By Reina V. Slutske
The concept of eminent domain is a scary one – especially to businesses and residents near public projects.
Eminent domain is the practice of a government taking a private property, whether business or residential, for public use.
Public projects such as roads and schools sometimes require the use of eminent domain in order to be built, said A.J. Hazarabedian, managing partner of the California Eminent Domain Law Group.
When it comes to redevelopment – like what is planned in downtown Newhall – eminent domain can get a little trickier.
“When it comes to redeveloping, it takes private property and turns it over to a public development,” Hazarabedian said.
The Santa Clarita Redevelopment Agency, which handles all potential redevelopment, was granted the power of eminent domain in November 1989, said Christopher Price, assistant city engineer in community development.
However, although Price said that eminent domain has so far not been used by the city, it could be if negotiations for a property fails.
In response to Newhall property owners’ fears and concerns about their property being seized to make way for a revitalized community, city officials have repeatedly said eminent domain would be a last-resort option.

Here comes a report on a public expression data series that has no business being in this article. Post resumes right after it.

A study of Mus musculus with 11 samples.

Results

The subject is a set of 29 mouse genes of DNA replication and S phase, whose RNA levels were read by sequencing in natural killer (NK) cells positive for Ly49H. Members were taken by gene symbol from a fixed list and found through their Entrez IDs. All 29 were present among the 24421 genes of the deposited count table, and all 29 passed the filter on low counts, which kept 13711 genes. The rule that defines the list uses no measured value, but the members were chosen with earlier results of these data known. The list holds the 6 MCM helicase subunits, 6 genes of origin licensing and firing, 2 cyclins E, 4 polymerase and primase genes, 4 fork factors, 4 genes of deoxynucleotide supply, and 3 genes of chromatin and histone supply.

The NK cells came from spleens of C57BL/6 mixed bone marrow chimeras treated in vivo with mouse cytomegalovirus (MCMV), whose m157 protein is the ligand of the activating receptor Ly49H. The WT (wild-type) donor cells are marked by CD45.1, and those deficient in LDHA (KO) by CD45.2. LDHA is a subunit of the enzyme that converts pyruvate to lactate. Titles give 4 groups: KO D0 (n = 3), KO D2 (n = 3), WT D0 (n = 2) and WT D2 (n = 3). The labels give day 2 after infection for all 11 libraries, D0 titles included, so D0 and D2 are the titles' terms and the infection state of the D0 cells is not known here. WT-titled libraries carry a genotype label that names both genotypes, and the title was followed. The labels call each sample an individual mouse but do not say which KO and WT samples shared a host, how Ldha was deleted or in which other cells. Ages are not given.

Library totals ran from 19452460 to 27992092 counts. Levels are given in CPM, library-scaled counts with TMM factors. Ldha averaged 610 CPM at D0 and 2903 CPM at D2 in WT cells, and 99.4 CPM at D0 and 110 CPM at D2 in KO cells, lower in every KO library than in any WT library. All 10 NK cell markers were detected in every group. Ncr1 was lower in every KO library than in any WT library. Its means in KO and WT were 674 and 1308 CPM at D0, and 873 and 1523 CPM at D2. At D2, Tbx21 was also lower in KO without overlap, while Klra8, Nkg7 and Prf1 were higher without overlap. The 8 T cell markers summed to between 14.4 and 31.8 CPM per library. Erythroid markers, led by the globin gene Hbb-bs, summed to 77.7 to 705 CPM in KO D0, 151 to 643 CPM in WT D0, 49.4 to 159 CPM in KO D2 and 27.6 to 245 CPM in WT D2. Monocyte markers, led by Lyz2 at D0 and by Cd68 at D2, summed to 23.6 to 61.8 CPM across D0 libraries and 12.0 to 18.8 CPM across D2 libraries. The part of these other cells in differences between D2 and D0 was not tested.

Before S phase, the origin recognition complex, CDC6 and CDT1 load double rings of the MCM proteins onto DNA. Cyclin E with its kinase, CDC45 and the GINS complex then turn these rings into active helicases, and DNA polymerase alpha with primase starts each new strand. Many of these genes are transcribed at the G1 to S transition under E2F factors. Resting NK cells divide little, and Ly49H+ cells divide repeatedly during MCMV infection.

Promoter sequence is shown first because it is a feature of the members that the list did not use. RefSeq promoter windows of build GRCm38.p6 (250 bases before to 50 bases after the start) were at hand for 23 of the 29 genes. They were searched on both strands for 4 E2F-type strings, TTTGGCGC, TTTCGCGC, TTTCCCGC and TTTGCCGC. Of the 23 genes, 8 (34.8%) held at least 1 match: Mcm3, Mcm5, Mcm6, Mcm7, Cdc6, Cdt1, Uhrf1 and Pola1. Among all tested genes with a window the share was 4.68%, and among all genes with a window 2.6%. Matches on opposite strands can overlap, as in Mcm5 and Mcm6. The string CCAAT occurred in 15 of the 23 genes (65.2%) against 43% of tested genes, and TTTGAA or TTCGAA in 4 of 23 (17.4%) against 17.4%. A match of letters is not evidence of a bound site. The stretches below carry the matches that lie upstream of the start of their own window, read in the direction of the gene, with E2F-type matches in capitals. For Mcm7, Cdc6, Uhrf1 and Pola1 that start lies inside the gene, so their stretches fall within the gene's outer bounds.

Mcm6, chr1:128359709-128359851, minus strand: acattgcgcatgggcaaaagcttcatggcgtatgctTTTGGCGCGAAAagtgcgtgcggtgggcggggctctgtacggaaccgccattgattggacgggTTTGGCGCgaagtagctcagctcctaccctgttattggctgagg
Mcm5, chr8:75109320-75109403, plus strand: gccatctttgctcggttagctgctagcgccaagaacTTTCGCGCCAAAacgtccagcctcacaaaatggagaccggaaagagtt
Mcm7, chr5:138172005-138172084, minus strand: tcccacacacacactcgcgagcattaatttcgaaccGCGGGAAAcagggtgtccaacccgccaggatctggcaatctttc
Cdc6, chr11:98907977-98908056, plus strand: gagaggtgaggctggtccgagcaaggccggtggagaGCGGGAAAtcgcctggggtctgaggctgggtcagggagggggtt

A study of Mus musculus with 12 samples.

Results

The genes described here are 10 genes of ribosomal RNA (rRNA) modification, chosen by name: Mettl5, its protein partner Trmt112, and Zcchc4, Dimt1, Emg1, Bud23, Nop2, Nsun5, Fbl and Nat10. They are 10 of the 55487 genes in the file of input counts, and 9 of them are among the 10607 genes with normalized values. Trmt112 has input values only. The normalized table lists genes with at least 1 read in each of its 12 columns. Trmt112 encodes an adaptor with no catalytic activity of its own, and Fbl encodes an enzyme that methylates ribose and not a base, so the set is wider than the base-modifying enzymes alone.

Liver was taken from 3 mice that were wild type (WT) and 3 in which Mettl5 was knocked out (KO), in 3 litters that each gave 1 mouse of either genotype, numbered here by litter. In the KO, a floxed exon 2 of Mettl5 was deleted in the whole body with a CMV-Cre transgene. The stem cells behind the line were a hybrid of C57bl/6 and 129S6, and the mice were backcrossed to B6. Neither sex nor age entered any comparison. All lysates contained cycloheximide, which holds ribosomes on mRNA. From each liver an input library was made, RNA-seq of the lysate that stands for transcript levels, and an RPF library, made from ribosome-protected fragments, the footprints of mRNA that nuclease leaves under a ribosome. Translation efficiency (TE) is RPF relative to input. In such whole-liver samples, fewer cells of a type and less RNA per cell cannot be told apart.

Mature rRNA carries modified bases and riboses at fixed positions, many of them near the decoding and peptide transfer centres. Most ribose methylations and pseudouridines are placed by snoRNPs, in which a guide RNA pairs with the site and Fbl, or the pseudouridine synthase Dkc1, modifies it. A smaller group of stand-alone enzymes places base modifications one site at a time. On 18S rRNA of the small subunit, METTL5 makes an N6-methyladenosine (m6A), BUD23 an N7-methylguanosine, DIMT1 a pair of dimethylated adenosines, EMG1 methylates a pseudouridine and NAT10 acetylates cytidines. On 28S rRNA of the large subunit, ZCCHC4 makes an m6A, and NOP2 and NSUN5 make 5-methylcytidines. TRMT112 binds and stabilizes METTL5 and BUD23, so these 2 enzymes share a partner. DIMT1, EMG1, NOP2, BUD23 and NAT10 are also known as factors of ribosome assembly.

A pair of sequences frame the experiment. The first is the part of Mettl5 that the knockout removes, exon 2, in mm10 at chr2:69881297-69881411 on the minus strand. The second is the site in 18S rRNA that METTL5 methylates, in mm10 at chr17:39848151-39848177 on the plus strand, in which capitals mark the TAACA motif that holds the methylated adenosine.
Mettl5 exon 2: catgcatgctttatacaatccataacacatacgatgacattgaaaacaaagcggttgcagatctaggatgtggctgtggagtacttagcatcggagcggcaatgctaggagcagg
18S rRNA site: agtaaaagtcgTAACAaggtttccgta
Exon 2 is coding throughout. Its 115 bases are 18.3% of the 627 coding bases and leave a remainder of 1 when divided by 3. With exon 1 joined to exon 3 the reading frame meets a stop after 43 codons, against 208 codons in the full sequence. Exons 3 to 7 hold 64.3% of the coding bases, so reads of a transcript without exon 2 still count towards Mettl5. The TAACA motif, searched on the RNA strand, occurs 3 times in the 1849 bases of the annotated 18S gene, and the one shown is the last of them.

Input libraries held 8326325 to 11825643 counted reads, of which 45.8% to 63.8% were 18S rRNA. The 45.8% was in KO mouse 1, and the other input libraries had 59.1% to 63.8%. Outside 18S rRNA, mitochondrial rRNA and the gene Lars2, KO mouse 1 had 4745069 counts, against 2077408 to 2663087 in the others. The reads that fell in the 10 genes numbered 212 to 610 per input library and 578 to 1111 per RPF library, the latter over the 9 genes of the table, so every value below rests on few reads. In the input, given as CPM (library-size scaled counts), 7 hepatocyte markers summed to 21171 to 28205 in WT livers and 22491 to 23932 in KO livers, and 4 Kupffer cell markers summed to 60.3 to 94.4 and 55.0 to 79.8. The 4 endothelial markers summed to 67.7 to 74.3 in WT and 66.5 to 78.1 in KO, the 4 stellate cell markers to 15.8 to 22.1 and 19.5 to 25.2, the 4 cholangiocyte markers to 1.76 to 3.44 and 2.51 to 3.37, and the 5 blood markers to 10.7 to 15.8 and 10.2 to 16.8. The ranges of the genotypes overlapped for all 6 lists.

The question of redevelopment, however, is also tied to the question of blight in a community.
Hazarabedian said that this type of eminent domain has been around for the past 50 years, but the term “blight” can be very general.
If a redevelopment project’s purpose is to eliminate blight and all the laws are in place, it is possibly legal for a city to do so.
He added that the U.S. Supreme Court’s decision regarding redevelopment and eminent domain through the case of Kelo v. City of New London, Conn., decided that transferring land from one private owner to another for economic development was a valid reason for redevelopment.
There was public outcry regarding that case, and many states including California, have been trying to pass laws governing eminent domain.
Eminent domain by a government is usually difficult for an owner to challenge.
“If the redevelopment agency has done it right, it might be difficult to challenge their use of eminent domain,” he said.
However, in order for a city to perform eminent domain, the city is required to compensate the business at a minimum.
The business can challenge the city regarding how much compensation they earn during their relocation.
Price said the city would help businesses with relocation and advertising when moving from one area to another.
In addition to compensating for property value, the tenants could also get financial assistance from the city of Santa Clarita for “loss of good will.”